Amazon Watch was founded in 1996 to protect the rainforest and advance the rights of indigenous peoples in the Amazon Basin. Amazon Watch partners with indigenous and environmental organizations in Ecuador, Peru, Brazil, and Colombia in campaigns for human rights, corporate accountability and the preservation of the Amazon's ecological systems. Firmly grounded in the principles of grassroots organizing, Amazon Watch is well-positioned to oppose chronic and worsening threats to the region’s forests and communities, while addressing the emerging challenges of climate change and shifting geopolitics.
As the world's largest tropical forest, the Amazon is indispensable for maintaining global climate stability. Yet today its diverse communities and pristine ecosystems are increasingly threatened by oil drilling, mining, industrial agriculture, hydroelectric dams, and road building. Unless these threats are successfully challenged, this culturally and biologically critical region is at risk of potentially irreversible destruction, with severe consequences for its indigenous stewards and our collective wellbeing.
Amazon Watch challenges toxic industries and their government and corporate backers by exposing the true costs of their actions and promoting the rights of indigenous and traditional peoples. Amazon Watch coordinate with affected forest communities to confront and defeat industrial projects that impact their territories and environmental health, while advancing indigenous-led alternative development solutions to climate change and unsustainable resource extraction. Their work reflects an indigenous vision for alternative, green development that supports autonomous solar power and expanded capacity for indigenous leaders - especially women and youth - to maintain their autonomy and territorial stewardship.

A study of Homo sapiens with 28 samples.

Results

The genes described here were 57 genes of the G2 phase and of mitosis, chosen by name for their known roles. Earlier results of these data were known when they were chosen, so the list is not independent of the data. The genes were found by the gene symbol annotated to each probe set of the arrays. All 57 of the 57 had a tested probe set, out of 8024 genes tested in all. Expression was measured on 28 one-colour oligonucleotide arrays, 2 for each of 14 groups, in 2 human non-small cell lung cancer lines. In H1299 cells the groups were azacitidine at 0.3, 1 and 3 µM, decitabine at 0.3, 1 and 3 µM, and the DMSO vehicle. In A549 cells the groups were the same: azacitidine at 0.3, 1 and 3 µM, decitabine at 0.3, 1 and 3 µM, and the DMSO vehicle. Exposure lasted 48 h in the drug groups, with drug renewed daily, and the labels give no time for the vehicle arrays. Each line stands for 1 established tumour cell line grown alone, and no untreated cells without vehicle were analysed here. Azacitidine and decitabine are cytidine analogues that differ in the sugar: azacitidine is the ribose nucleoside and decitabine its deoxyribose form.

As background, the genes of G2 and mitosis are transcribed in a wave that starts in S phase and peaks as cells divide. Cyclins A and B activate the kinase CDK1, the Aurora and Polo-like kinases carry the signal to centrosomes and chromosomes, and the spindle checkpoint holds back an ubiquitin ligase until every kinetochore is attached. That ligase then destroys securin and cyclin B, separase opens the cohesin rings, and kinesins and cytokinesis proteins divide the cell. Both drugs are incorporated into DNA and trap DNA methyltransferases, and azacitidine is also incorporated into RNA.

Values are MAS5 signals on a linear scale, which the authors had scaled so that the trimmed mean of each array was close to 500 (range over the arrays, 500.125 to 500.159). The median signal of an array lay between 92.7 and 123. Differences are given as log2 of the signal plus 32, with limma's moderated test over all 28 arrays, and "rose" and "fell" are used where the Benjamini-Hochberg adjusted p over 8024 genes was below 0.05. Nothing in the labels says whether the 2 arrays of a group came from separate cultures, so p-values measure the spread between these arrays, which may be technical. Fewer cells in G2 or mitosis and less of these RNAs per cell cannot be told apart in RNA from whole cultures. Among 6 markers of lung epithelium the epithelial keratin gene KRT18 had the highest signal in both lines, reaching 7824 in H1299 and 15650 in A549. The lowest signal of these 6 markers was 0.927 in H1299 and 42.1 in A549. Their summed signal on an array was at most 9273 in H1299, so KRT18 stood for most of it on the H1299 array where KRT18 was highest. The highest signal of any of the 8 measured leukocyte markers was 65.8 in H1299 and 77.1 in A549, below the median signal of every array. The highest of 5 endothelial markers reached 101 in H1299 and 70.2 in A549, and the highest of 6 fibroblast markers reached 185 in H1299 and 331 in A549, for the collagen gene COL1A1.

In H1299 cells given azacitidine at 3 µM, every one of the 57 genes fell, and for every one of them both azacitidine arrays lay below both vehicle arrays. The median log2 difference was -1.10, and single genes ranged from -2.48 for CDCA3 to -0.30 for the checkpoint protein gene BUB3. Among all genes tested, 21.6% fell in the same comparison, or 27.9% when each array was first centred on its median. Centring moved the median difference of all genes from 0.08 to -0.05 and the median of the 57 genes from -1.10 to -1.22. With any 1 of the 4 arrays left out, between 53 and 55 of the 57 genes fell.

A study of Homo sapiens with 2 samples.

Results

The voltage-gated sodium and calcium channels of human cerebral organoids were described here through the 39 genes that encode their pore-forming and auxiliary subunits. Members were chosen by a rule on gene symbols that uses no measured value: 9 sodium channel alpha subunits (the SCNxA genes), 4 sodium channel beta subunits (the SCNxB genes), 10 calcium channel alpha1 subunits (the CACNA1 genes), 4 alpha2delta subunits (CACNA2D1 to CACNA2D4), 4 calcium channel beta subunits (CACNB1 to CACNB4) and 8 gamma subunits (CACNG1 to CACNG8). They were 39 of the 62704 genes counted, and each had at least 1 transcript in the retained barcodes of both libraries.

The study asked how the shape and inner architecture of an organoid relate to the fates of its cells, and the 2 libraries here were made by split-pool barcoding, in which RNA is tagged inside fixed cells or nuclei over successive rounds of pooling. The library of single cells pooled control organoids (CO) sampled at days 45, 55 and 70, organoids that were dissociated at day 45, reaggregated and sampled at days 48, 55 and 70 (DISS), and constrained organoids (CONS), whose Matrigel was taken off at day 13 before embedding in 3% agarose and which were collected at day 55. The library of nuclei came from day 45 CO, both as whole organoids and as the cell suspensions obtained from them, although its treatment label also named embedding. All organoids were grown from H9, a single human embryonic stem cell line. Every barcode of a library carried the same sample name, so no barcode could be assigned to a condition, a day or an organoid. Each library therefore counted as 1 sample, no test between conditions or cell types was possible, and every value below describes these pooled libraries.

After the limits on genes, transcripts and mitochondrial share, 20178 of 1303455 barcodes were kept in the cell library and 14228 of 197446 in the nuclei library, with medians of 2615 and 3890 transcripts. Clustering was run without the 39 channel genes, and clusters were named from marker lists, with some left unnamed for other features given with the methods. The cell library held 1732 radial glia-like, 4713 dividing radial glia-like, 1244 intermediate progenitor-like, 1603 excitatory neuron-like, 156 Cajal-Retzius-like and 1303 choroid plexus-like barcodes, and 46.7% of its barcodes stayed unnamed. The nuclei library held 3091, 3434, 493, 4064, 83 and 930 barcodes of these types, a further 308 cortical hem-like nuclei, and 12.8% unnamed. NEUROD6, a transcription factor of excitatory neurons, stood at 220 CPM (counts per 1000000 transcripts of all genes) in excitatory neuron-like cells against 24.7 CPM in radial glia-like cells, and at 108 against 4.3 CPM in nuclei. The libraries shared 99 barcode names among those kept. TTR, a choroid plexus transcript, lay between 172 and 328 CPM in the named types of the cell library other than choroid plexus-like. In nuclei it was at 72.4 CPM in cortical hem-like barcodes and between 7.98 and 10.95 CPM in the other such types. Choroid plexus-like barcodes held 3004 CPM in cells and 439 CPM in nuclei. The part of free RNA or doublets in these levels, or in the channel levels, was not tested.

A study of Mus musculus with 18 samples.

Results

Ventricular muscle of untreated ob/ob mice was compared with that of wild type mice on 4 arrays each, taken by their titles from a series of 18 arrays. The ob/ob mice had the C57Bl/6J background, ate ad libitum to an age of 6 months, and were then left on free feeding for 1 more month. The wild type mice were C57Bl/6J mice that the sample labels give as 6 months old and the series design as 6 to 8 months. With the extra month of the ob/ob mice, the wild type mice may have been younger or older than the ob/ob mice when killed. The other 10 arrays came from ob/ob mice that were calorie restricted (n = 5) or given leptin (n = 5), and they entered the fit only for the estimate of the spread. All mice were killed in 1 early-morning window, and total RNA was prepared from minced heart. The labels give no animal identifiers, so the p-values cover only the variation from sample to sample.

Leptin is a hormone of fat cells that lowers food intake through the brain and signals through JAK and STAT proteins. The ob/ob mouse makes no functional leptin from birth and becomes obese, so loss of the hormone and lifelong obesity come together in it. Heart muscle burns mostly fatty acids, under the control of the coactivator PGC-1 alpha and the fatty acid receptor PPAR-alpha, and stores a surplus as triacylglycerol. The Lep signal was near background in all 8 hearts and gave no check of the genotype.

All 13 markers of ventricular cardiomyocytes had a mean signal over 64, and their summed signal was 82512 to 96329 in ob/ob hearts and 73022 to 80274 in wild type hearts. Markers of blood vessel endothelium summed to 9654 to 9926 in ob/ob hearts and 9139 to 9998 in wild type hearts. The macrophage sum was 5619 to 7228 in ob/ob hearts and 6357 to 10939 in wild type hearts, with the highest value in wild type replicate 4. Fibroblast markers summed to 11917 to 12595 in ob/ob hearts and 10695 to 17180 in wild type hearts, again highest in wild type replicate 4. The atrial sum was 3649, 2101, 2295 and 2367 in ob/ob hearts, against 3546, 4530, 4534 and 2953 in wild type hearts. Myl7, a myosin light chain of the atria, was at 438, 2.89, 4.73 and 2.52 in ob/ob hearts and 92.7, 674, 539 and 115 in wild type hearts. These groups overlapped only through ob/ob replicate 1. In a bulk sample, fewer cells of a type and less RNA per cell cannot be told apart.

Alongside the global climate justice movement, Amazon Watch strives to address the reality that the planet’s most vulnerable communities, such as indigenous peoples and people of color, bear the brunt of environmental destruction, corporate greed, and climate change, while also being excluded from top-down solutions. They believe that our collective response to climate change and environmental destruction must also redress past harm, bring bad actors to justice, support local activists who put their lives on the line, and build global awareness and solidarity.
Amazon Watch works to defeat the further encroachment of extractive industry and halt rights rollbacks by serving as a bridge for crucial voices and movements waging frontline struggles, amplifying their impact by providing communications and logistical support as well as funding for indigenous-led campaigns and movements. Their expertise in the field and twenty years of history as a principled indigenous ally have uniquely positioned the organization to compellingly shape the global narrative on why we must defend the Amazon in a manner that is both effective and just.